As our world becomes more urban, I often wonder if it’s possible to get a feel for a country without seeing its capital when travelling. Cities offer a different perspective on daily life, unique opportunities for entertainment, as well as a bustling and exciting environment. That being said, cities can also present a certain set of challenges and this was most evident during our trip to Kampala.
|Kampala, a different kind of jungle in Uganda, with the Mosque in the background
After spending so much time in Uganda’s countryside, Philip and I thought it right to make our way to Uganda’s largest city, Kampala. We had spent our first week and a half in Uganda with a guide/driver organized by Amagara Tours and had passed through Kampala’s infamous “jam” but had otherwise not seen much of the city.
As I’ve written before
, the guided tour experience comes highly recommended and Amagara offers a good quality budget option for safaris and gorilla tracking in Uganda. That being said, I do typically prefer a more DIY style of travelling so after our last stop on the tour, our driver Bosco dropped us off at a bus station and said goodbye. He seemed more nervous about leaving us than we were about leaving him which I thought was rather sweet.
His worry was well-placed as the bus did break down on the way to Kampala, just as Bosco had warned us could happen, but it only took a couple extra hours so weren’t too flustered by it.
I recalled bus stations being extremely chaotic in Bamako, so I warned Philip that we may be rushed as we stepped off and made sure to keep our belongings close as we got off the bus in Kampala. Instantly, there was a swarm around us of taxi drivers offering to drive us to the hotel which the guidebook said was just a short jaunt from the station. We enquired about prices as the swarm tried to remove our backpacks from our shoulders. One guy was asking the equivalent of $30 CAD for a trip to a hotel that we could see from the station. We dug our heals in, grabbed onto our shoulder straps and marched out of the station while trying to ignore the touts as much as possible.
Although Aponye Hotel
was visible from the station, figuring out how to get there on foot proved a little more difficult. As we paused to get our bearings, a man approached us and offered to walk us there. The man made small talk while sipping a beer and then informed us owed him $5 for the escort once we reached the hotel. We hadn’t realized that he expected to be paid for this, so I handed him a 2000Ush note and walked away. Thankfully, he didn’t follow us any further.
The hotel proved to be a nice respite after the eventful bus ride and hectic station experience and the restaurant served up the best french fries that we had in Uganda. After a good night’s rest, Philip and I left the hotel to tour the city on foot, hoping that we would be able to find our way back ourselves.
Our first stop was Oweno Market, where second-hand clothes from Europe and North America are sold to Ugandans, since some believe that “used from Europe is better than new from China.” They might be on to something there. Unfortunately, while leaving the market, I felt someone tugging on my purse, I’m assuming to get at my wallet. As I turned around a young man pulled his hand back and smiled flippantly at me and I was glad that I was using a locked, Pacsafe
From there we headed toward the Gaddafi National Mosque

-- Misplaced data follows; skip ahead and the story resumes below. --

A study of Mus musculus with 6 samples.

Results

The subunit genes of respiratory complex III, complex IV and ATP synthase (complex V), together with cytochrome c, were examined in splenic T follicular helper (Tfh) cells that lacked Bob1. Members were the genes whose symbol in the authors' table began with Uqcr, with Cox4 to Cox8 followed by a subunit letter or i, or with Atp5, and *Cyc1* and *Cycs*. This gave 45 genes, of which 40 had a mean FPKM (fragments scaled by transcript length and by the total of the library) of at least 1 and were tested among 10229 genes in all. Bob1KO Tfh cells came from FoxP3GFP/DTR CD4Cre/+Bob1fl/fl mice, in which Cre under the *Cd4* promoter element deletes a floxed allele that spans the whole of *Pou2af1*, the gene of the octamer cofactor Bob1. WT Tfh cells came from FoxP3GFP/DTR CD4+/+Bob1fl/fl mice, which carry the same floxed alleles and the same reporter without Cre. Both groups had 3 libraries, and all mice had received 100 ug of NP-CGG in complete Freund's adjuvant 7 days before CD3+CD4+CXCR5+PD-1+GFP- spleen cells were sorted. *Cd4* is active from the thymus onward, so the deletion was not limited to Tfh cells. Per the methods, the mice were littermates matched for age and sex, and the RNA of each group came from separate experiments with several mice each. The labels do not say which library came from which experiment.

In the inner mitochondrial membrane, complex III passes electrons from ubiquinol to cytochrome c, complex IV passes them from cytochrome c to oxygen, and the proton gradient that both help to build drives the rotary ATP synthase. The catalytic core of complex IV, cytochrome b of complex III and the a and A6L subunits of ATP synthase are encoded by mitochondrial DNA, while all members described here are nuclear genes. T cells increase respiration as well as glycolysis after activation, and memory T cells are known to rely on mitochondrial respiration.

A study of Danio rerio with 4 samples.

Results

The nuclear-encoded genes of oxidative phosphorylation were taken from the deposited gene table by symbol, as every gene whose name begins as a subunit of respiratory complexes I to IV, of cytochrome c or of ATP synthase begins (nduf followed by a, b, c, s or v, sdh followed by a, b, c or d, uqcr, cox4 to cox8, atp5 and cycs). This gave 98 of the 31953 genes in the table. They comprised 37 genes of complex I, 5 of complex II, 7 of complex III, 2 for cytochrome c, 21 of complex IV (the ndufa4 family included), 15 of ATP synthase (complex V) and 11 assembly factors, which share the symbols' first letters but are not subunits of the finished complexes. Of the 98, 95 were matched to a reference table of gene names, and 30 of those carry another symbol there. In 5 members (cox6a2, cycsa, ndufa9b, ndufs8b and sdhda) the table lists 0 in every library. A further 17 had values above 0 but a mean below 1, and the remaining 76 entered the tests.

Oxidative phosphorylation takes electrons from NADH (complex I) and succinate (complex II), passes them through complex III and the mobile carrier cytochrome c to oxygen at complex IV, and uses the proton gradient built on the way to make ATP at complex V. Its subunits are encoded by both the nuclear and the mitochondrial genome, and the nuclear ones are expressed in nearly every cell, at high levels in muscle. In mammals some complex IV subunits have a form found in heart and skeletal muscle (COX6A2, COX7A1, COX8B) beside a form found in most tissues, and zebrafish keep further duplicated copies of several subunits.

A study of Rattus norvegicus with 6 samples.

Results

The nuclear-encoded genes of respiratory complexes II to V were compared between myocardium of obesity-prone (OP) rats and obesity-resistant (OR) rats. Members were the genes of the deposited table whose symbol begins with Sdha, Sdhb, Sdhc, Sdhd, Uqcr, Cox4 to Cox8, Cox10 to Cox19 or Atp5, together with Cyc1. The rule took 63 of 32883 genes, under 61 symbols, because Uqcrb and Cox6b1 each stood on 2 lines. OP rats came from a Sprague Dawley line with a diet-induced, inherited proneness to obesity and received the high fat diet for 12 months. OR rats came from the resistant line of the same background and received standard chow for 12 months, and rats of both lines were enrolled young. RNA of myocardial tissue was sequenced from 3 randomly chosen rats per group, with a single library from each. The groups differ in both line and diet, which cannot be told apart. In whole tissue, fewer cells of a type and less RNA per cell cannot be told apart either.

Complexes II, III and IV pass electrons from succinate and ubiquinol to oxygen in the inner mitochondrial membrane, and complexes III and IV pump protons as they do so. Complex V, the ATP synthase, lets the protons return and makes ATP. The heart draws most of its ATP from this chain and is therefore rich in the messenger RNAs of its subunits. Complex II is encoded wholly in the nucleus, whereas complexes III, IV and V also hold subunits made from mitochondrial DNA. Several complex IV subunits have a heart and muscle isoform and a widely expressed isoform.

. There are not many mosques in the world that will allow non-Muslims inside, so we were keen to check this one out. As we paid for our admission, the attendant fished through a box of headscarves to find one that matched my outfit. Once her selection was made, she helped me into it and we began our tour around the mosque.
|I think she chose well
After taking in the beautiful sights from the top of the minaret, we continued our foot tour of Kampala. We checked out a few more markets and a mall before eventually making it back to Aponye for more of those awesome french fries. Sadly, they were out of potatoes so I was denied that treat. We ordered some Nile Specials to our room instead and sat on the balcony watching the city life unfold below. As we reflected on some of the challenges we had faced in Kampala such as navigating in a big, strange city, dealing with touts and almost getting mugged by the market, we couldn’t help but be moved by the tremendous kindness of most of the people we met. The attendant at the Mosque who made sure my hijab matched my skirt, the ladies who sold us our limes with a smile, and even the men who apologized to Philip when he stubbed his toe on an uneven sidewalk. As much as Kampala could be overwhelming at times, it still featured a lot of the same things we loved about Uganda.
Also, being back in a busy African city make me think back on my time in Bamako and on how much I missed the people and frenetic energy there. There were many challenges to living in Bamako, but I was there long enough to learn its vibrant rhythm and to carve out little places that felt like home to me. Kampala reminded me that you can never truly leave a place that you’ve grown to love despite the challenges.
|Kampala had me feeling Bamako-sick, but then I found a little Bamako in Kampala
Kampala had similar energy to Bamako; it was lively, bustling, colourful and loud. It had its differences too, but we were only there for 2 nights so we hardly had any time to get to truly know the city. That being said, I think it’s always worthwhile to spend time in the bigger cities of the places we visit, even if the main attractions are elsewhere, because each city has its own rhythm and pulse and feeling the beat is an experience in and of itself.
Having felt Kampala’s heart beat over 2 days, we set off on a bus to Bugugali Falls where we would try whitewater kayaking
for the first time which was a whole other adventure set to a different rhythm.